What Is Your Students’ Average Score Increase?

Who knows? 🙂

I don’t mean to be flip. Actually, there’s a lot to be said on this topic, because I would argue that nobody knows for sure what the average results are for any test-prep company.

On top of that, even if we could know the average score increases, the number wouldn’t really be useful anyway.

Let me explain:

Reasons Why It’s Impossible To Track Score Increases Accurately

In order to track score increases, a test-prep company would have to have access to its students’ score reports. If the company doesn’t have access to students’ score reports, it has to be relying on students to report their scores instead. Relying on reported scores would be a bad idea from a scientific point of view, because (a) people could lie, either on purpose or by accident, and (b) not everyone will bother to report a score, meaning that the reported scores will be likely to come from customers who are more passionate about the company, which will mean that the reported scores might be skewed higher than they should be. So it’s not really possible to get accurate data without having direct access to a student’s official score report, which isn’t possible.

On top of that, there’s the fact that many students use more than one test preparation method as they get ready for a test, and some students don’t pay full attention to what they’re taught in a particular course. If a student signs up for a course with Kaplan and then decides halfway through that he’d rather try my approach instead, should his results be counted as an indicator of the validity of Kaplan’s ideas, or of mine? So even if you could get the scoring data for a particular student, it would be impossible to say for sure that the student was only influenced by one company, and that the student’s results (whether positive or negative) were a true reflection of the quality of the company’s instruction.

Why Knowing A Student’s Score Increase Might Be Misleading

When we talk about standardized test scores, it’s important to remember that all standardized tests have a “perfect” score that can’t be exceeded, and that all tests measure multiple skills. This means that score improvements of the same size might be easier or harder to get at different points in the scoring scale.

To put this in concrete terms, it’s typically much easier to help a student go from a 130 on the LSAT to a 140 than it is to help the student go from a 170 to a 180. The improvment in both cases is still 10 points. But a student who’s scoring 130 needs a lot of help and can choose from a variety of skills to improve on, and he can afford to make a large number of mistakes on any given day while still improving his score. A student who’s scoring a 170 has probably already made all the easy adjustments he can think of, and he has to make almost no mistakes at all if he wants to improve to a 180.

So new points generally become harder to get as we move towards the upper limit of the scoring range. If a company were to report that its average LSAT client improved by 15 points, would that mean that it tended to work only with people who started out being pretty bad at the LSAT? If a company said its average increase was 5 points, would that mean that the techniques were useless or that most of its clients were already in the 170’s before using the course? There would be no way to tell.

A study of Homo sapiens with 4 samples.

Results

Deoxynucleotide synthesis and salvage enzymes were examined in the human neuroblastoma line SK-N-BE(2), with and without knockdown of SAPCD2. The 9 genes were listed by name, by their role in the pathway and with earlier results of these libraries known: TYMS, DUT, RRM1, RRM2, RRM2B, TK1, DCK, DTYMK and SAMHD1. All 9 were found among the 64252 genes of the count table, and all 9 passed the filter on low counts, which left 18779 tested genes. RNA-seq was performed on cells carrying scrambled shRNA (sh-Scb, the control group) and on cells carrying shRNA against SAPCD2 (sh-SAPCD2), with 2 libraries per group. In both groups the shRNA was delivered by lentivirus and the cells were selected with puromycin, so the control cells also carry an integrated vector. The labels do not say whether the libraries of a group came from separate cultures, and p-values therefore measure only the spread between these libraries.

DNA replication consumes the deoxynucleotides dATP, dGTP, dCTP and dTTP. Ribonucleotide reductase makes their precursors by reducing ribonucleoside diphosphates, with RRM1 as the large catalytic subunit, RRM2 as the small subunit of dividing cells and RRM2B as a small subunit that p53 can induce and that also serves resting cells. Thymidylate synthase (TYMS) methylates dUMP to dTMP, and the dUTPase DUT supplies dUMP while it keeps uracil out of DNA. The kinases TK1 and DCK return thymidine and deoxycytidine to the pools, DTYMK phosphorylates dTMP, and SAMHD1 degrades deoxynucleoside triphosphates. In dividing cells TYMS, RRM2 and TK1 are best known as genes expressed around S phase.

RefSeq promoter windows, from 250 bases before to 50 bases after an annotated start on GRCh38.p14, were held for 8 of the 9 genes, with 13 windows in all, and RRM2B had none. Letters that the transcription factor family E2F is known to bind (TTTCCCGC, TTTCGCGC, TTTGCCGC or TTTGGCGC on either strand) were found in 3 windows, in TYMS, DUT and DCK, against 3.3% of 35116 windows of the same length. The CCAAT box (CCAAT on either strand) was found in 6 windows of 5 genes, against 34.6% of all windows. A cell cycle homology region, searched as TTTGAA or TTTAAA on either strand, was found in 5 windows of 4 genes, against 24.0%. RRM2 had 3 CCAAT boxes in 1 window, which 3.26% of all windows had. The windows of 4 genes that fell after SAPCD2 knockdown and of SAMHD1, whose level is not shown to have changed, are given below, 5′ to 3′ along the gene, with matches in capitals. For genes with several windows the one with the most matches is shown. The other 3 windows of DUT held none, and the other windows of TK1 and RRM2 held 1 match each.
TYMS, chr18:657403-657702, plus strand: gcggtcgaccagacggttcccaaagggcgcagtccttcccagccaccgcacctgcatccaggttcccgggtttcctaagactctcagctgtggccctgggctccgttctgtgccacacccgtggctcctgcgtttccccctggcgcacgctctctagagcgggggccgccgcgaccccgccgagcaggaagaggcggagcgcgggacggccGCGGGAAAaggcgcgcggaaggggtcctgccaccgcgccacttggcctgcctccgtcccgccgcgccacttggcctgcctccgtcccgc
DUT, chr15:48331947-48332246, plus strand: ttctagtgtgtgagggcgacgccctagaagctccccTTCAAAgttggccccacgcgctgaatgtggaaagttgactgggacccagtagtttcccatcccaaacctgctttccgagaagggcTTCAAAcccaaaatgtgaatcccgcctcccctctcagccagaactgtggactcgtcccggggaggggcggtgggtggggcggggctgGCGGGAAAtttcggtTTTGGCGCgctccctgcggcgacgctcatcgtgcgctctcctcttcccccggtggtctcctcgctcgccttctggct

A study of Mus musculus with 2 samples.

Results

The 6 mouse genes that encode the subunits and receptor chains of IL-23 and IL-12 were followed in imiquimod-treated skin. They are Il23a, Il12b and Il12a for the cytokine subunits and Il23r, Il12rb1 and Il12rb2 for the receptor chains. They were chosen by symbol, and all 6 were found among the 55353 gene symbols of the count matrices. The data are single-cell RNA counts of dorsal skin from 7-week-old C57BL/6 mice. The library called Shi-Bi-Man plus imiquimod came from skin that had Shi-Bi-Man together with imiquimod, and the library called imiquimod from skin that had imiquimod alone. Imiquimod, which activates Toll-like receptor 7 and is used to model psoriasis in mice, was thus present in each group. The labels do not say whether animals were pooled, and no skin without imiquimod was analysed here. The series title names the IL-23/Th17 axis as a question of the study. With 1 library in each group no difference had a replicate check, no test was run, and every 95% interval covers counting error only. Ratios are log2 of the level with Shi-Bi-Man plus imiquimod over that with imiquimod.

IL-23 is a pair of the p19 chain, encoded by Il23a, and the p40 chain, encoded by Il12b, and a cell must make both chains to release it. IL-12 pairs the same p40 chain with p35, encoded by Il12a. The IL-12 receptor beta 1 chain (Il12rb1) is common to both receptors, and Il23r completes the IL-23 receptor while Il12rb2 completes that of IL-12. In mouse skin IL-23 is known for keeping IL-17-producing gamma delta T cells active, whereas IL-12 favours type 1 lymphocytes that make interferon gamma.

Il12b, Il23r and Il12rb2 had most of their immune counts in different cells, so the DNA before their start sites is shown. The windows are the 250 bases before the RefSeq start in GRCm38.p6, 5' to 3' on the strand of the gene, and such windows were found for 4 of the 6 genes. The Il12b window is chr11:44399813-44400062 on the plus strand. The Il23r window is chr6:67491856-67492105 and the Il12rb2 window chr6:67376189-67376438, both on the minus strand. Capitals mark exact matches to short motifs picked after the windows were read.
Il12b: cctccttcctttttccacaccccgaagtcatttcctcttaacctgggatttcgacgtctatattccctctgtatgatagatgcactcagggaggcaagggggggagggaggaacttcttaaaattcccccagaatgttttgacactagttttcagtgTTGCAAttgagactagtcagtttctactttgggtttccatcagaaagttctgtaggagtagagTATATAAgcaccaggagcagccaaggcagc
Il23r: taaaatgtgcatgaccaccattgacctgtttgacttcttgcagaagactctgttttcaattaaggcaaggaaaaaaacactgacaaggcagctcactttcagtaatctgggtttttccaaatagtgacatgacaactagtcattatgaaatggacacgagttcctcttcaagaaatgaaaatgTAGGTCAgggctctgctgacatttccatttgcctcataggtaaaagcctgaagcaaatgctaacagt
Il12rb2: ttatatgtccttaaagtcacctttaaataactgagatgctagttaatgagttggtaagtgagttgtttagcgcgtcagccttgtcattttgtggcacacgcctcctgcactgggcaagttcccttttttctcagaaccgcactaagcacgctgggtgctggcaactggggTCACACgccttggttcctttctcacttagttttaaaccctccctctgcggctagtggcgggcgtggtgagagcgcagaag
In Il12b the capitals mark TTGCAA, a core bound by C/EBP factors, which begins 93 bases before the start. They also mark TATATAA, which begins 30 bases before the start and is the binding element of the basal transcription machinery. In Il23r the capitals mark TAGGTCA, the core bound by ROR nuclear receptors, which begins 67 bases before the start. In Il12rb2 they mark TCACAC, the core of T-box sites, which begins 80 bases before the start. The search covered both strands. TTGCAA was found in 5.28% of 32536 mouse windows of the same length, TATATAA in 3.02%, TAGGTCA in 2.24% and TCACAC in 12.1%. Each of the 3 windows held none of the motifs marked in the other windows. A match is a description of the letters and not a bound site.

(a) there’s no reliable way to get a student’s score,

(b) there’s no way to be sure that a student’s score had an outside influence, even if I could find out that score, and

(c) the size of an increase or decrease is meaningless without knowing where in the scoring range that increase or decrease occurred.

I would strongly advise you to be suspicious of any company or tutor that tries to impress you with an “average score” increase.


Well, not really. My solution is this: I offer free videos and articles on my web sites that give you an idea of how I think and how I teach. You can even watch me work on some real practice questions to get a taste for the course. So you can already have some idea of whether you like the kinds of things I do. Then I back everything up with the strongest guarantee I’ve ever heard of in this field: If you try my course out and don’t like my approach, all you have to is let me know about it within 60 days and I give you your money back. No fine print :).

So while I can’t offer any meaningful data on the average user experience (and neither can any other test prep company, in my opinion), I do everything I can to give you a good idea of whether you’ll like my approach in advance by showing you some free videos, and I take your risk away by offering the strongest guarantee in test prep. (By the way, I can only do those things because I know from customer feedback that most of my students are very happy with my approach–I just prefer to be honest about the fact that I don’t have any meaningful way to quantify that happiness.)


http://www.ftc.gov/os/2009/10/091005revisedendorsementguides.pdf

(They supposedly did this to protect consumers from claims made by the people who advertise weight loss supplements and get-rich-quick real estate programs, but the rules apply to everyone.) Since I have no way of knowing what my average student’s score increase is, I can’t tell you about specific students of mine, either. It’s a shame, because I would really, really like to–but that’s just another reason why I offer my blog and my guarantee. You can get a ‘taste’ of how I do things by looking around here, and if you decide to sign up, you have absolutely no risk in case you decide it isn’t for you.